Samsung Electronics announced that it has acquired the technology to offer satellite communication on smartphones. The company said in a blog post on Thursday that it has secured standardised 5G non-terrestrial networks (NTN) modem technology for direct communication between smartphones and satellites, especially in remote areas, where there is no cellular network connectivity.
NTN is a communications technology that uses satellites and other non-terrestrial vehicles to bring connectivity to regions that were previously unreachable by terrestrial networks, whether over mountains, across deserts or in the middle of the ocean. The technology is also vital in assuring operability in disaster areas and powering future urban air mobility (UAM) such as unmanned aircraft and flying cars, according to the company.
The company said that it aims to integrate this technology into its own Exynos chip, which is used in a lot of Samsung smartphones — but not in the current flagship device, Samsung Galaxy S23.
By meeting the latest 5G NTN standards, Samsung will help global telecom carriers, mobile device makers and chip companies ensure interoperability and scalability in their services offered. This will further pave the way for the 6G-driven Internet of Everything (IoE) era, the company said.
“This milestone builds on our rich legacy in wireless communications technologies, following the introduction of the industry’s first commercial 4G LTE modem in 2009 and the industry’s first 5G modem in 2018, Min Goo Kim, executive vice president of communication processor development at Samsung Electronics, said in a statement.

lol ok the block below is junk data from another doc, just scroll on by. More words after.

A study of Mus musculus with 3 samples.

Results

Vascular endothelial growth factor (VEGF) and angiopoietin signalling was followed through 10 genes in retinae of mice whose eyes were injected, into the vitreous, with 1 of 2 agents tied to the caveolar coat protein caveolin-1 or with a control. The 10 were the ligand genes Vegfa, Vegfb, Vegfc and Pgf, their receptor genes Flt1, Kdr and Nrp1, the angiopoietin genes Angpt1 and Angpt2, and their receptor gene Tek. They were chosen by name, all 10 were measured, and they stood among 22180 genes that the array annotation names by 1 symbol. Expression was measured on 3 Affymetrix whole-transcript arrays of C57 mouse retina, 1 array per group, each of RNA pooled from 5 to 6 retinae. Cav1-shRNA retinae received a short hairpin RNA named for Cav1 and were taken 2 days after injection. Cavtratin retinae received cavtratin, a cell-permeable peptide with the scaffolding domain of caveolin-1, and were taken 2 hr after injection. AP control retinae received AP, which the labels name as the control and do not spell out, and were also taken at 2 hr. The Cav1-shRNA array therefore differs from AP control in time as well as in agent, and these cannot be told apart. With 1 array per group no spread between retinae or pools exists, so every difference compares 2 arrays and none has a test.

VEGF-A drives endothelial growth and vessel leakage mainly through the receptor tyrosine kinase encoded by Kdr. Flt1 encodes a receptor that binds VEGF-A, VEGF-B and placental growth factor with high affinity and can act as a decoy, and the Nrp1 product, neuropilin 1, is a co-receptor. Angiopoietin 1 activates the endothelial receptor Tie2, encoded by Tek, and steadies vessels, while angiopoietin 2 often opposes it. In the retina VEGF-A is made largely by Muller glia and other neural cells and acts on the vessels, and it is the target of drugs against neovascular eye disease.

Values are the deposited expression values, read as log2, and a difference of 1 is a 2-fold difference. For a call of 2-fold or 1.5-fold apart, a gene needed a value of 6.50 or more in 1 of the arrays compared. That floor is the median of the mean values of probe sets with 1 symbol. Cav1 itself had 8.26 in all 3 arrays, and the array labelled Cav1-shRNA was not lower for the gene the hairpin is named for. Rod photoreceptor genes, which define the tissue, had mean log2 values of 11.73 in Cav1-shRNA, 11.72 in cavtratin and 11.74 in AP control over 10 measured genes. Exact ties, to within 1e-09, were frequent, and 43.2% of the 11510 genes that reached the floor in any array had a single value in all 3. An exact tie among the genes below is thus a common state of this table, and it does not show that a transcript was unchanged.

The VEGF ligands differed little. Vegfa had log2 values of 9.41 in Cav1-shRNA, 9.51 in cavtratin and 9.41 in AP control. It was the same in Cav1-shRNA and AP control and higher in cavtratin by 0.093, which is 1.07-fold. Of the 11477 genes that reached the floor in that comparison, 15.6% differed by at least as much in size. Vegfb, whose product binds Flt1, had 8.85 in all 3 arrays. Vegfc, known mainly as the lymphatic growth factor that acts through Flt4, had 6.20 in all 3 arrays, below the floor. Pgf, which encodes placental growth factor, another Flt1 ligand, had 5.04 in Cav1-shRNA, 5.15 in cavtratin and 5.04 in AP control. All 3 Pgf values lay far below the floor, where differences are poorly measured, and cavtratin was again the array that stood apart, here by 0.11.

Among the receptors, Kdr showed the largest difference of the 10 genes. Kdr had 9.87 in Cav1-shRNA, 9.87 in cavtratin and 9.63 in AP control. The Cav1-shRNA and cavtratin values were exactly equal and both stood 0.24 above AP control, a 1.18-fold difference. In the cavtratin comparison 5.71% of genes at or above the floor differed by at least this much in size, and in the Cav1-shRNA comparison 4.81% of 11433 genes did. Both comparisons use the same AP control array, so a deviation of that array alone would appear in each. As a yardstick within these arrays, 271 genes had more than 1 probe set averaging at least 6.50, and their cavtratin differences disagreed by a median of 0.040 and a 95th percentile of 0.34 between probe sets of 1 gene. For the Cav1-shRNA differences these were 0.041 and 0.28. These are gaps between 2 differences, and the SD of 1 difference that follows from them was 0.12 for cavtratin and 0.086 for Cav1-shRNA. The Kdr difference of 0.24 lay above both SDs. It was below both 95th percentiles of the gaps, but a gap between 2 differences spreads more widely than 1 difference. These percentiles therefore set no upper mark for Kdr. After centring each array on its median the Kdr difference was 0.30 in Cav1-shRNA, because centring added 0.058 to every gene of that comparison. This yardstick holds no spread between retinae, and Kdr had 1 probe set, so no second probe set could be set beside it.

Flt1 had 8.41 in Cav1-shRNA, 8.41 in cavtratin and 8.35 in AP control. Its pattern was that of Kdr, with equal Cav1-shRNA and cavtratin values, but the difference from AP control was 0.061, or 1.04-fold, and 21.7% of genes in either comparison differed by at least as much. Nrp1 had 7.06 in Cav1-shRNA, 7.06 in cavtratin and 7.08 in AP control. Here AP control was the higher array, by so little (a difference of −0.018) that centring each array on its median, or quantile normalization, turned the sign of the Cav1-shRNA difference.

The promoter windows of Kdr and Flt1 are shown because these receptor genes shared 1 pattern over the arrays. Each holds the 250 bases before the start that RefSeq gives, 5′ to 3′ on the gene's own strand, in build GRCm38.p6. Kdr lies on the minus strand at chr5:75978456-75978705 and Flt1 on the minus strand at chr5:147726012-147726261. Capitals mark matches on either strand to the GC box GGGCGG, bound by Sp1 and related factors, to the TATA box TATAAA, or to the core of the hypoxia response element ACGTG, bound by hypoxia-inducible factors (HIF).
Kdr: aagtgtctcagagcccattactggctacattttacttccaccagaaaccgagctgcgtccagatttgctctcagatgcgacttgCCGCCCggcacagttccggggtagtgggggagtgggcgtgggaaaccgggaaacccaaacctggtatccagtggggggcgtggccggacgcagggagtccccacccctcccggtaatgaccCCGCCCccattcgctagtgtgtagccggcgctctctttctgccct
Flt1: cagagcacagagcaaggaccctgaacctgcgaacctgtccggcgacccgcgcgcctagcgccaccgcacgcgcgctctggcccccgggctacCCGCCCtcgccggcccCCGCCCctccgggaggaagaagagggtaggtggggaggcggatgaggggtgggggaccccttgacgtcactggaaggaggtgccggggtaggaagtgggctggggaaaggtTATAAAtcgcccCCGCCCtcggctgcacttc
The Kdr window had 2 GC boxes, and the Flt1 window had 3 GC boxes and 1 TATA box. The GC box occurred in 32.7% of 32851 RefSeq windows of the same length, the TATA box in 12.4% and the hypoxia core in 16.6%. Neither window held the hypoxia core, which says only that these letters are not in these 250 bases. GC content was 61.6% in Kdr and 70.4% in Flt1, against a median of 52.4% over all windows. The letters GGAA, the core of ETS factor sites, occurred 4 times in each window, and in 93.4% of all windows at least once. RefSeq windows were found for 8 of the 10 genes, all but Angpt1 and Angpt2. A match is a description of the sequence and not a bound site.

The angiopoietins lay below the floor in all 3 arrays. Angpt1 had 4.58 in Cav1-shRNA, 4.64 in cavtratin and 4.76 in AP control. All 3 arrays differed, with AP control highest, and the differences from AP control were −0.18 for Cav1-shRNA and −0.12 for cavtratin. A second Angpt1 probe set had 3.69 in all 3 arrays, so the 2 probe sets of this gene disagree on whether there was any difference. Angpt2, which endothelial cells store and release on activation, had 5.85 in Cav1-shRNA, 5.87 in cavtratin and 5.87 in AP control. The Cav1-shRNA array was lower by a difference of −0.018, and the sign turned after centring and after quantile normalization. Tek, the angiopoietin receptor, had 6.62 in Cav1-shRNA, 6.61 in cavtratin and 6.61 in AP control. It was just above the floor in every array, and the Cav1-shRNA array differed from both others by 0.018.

The tech giant also developed and simulated 5G NTN standard-based satellite technology for highly reliable NTN communication with low Earth orbit (LEO) satellites using its Exynos Modem 5300 reference platform to accurately predict satellite locations and minimise frequency offsets caused by the Doppler shift, which refers to the change in wave frequency during the relative motion between a wave source and its observer.
To be sure, Samsung is not the only company to be working on satellite-based smartphone communications. In December last year, Apple launched satellite connectivity with iPhone 14 and 14 Pro for off-grid connectivity. The company relies on Globalstar’s satellite network and first made this tech available in the US and Canada. It said, it will later expand it to France, Germany, Ireland and the UK.
Further, in January 2023, at the Consumer Electronics Show (CES), chipmaker Qualcomm announced a partnership with satellite communication firm Iridium to bring satellite communication to Android phones powered by Qualcomm Snapdragon 8 Gen 2.
The current generation of satellite communication technologies promises two-way texting and calling for emergency situations. But Samsung claims that future versions of its tech will be capable of sending photos and videos as well.